Usage Caps Coming To Starlink As Capacity Crunch Rears Its Head
from the capped-and-throttled dept
We’d noted a few times how Elon Musk’s Starlink isn’t really as disruptive as it pretends to be. For one, the service keeps getting more expensive thanks to price hikes, and with a $710 first month price tag ($600 hardware fee, $110 a month) it’s too expensive for the struggling rural Americans it’s purportedly aimed at. Then there’s the year long waitlist and the complete lack of customer service.
And now there are rumblings that as the service runs into capacity constraints, it will soon be implementing usage caps and throttling. As in if you use over a set mount of bandwidth and you’re in an area with other hungry Starlink users, you’ll find your speeds reduced:
“Under such plan, after you have used your monthly limit of Priority Access data, you will continue to have an unlimited amount of ‘Basic Data’ for the remainder of your billing cycle,” the company says. “With ‘Basic Data’ your access will no longer be prioritized over traffic generated by other customers during periods of network congestion.”
Starlink speeds were already starting to slow down due to congestion on the network. Analysts had long noted that the service lacked the capacity to provide broadband to any more than a million subscribers or so worldwide. For context, 20-40 million Americans lack broadband access, and 83 million are currently stuck under a Comcast monopoly and desperately craving better access.
Musk, of course, wants to keep the service in headlines despite these capacity constraints, so he keeps on expanding the potential subscriber base, whether that’s a tier aimed at boaters (at $5,000 a month), the specialized tier aimed at RVs ($135 a month plus a $2,500 hardware kit), the aid to Ukraine, or the new plan to sell service access to various airlines to help fuel in-flight broadband services.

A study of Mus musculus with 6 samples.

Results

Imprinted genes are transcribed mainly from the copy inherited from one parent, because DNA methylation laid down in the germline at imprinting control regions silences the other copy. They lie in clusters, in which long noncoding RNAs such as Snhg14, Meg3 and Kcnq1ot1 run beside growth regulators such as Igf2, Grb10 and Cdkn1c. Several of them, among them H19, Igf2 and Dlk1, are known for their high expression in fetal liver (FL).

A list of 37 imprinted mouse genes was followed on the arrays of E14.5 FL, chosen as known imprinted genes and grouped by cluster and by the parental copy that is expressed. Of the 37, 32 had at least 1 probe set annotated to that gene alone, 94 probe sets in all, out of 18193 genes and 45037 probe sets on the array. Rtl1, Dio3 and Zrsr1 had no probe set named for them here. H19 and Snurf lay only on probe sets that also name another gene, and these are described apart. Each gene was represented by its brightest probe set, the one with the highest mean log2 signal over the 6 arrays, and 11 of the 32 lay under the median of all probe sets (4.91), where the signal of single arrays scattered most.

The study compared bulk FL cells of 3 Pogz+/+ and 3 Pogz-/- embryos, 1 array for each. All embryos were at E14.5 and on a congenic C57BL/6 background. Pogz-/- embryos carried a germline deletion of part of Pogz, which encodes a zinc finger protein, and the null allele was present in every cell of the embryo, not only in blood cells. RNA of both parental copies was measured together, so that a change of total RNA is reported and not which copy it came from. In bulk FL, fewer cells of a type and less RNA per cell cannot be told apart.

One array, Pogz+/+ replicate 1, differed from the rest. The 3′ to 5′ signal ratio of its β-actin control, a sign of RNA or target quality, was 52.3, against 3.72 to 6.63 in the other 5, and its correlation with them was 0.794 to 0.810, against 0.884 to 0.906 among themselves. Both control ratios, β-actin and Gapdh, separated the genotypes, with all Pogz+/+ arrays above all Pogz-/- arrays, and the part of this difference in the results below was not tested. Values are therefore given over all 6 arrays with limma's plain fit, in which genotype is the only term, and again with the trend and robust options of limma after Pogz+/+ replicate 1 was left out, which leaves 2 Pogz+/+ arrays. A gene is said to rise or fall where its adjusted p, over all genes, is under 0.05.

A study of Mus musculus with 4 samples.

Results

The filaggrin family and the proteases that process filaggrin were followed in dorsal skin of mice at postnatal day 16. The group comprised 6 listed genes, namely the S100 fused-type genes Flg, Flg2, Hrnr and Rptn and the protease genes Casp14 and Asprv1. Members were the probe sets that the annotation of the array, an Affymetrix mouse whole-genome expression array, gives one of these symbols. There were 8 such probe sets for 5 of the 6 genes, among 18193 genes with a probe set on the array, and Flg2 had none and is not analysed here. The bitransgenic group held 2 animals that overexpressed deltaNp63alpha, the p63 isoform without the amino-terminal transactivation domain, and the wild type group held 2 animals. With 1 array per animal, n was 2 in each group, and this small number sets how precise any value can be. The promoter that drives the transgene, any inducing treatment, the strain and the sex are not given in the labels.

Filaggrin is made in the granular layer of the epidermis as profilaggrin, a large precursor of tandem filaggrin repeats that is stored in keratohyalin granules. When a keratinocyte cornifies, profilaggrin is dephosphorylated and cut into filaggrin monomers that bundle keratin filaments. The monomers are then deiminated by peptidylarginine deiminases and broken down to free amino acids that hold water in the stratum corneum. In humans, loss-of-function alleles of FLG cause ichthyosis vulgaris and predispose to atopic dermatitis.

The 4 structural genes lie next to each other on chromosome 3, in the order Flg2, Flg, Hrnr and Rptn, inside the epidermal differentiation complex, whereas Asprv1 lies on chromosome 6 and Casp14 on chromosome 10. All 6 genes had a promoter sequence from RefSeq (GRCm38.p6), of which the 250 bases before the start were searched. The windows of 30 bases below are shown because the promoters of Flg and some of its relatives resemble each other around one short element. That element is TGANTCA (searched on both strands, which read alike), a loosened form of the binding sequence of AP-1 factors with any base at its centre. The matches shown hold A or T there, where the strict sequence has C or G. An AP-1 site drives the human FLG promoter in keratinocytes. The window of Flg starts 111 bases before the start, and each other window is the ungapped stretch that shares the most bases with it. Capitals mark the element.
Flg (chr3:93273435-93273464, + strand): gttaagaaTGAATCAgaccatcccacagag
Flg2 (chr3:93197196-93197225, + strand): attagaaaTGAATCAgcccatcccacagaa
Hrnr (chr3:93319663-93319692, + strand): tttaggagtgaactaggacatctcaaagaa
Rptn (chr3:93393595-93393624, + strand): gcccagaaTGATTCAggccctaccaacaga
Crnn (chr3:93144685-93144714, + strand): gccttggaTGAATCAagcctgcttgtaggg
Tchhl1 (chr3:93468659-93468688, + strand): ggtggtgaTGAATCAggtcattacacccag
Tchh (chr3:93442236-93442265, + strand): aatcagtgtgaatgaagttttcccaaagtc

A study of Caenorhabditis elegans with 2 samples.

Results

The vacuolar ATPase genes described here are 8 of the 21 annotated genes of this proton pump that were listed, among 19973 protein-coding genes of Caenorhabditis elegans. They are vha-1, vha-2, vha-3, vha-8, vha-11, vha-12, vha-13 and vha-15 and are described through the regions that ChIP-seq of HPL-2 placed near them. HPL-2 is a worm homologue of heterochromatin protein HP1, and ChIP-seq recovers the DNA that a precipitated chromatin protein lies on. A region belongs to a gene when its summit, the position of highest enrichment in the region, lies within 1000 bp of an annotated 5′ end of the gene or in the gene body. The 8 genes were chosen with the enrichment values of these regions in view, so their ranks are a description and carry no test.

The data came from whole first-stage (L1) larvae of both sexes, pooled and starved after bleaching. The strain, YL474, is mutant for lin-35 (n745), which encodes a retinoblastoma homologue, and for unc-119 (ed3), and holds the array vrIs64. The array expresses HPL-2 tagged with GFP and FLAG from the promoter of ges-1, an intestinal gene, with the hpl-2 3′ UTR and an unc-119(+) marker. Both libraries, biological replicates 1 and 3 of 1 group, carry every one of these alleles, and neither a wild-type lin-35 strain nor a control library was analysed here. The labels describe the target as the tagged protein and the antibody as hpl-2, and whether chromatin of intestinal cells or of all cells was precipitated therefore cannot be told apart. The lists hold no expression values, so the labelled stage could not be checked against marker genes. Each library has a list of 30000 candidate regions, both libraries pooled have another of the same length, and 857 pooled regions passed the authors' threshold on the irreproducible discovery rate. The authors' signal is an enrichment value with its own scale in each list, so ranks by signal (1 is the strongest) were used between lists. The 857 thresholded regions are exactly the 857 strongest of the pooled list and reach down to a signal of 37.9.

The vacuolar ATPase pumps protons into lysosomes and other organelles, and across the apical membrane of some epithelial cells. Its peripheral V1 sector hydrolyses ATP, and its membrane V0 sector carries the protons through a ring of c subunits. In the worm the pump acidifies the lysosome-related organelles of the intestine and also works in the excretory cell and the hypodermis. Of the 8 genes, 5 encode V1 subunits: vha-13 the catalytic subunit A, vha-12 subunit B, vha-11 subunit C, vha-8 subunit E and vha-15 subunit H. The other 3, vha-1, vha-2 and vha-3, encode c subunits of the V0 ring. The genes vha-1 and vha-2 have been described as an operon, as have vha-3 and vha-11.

To be clear, Starlink is absolutely fantastic if you don’t have any other options, can afford it, can clear the long queue, and don’t care if nobody responds to your customer service inquiry. But it won’t really have the capacity to be truly disruptive, something that’s usually buried among all the familiar Musk company hype.
Even years from now, should everything go perfectly with the service, launches, new rocket development, new second gen satellites, and financing, it’s expected it will be able to serve somewhere around 9 million subscribers. And those subscribers will see an increasing array of price hikes, throttling, surcharges, and other tricks to keep the service somewhat usable thanks to the laws of physics.
So it wasn’t too surprising to see the FCC pull the nearly $1 billion in subsidy awards doled out during the Trump era. If you ask any broadband expert worth their salt, they’ll be quick to tell you that taxpayer money should be going toward future-proof, affordable fiber optics with 5G filling in the gaps. Relying too much on a capacity-constrained solution that may not exist in 10 years isn’t the safest bet.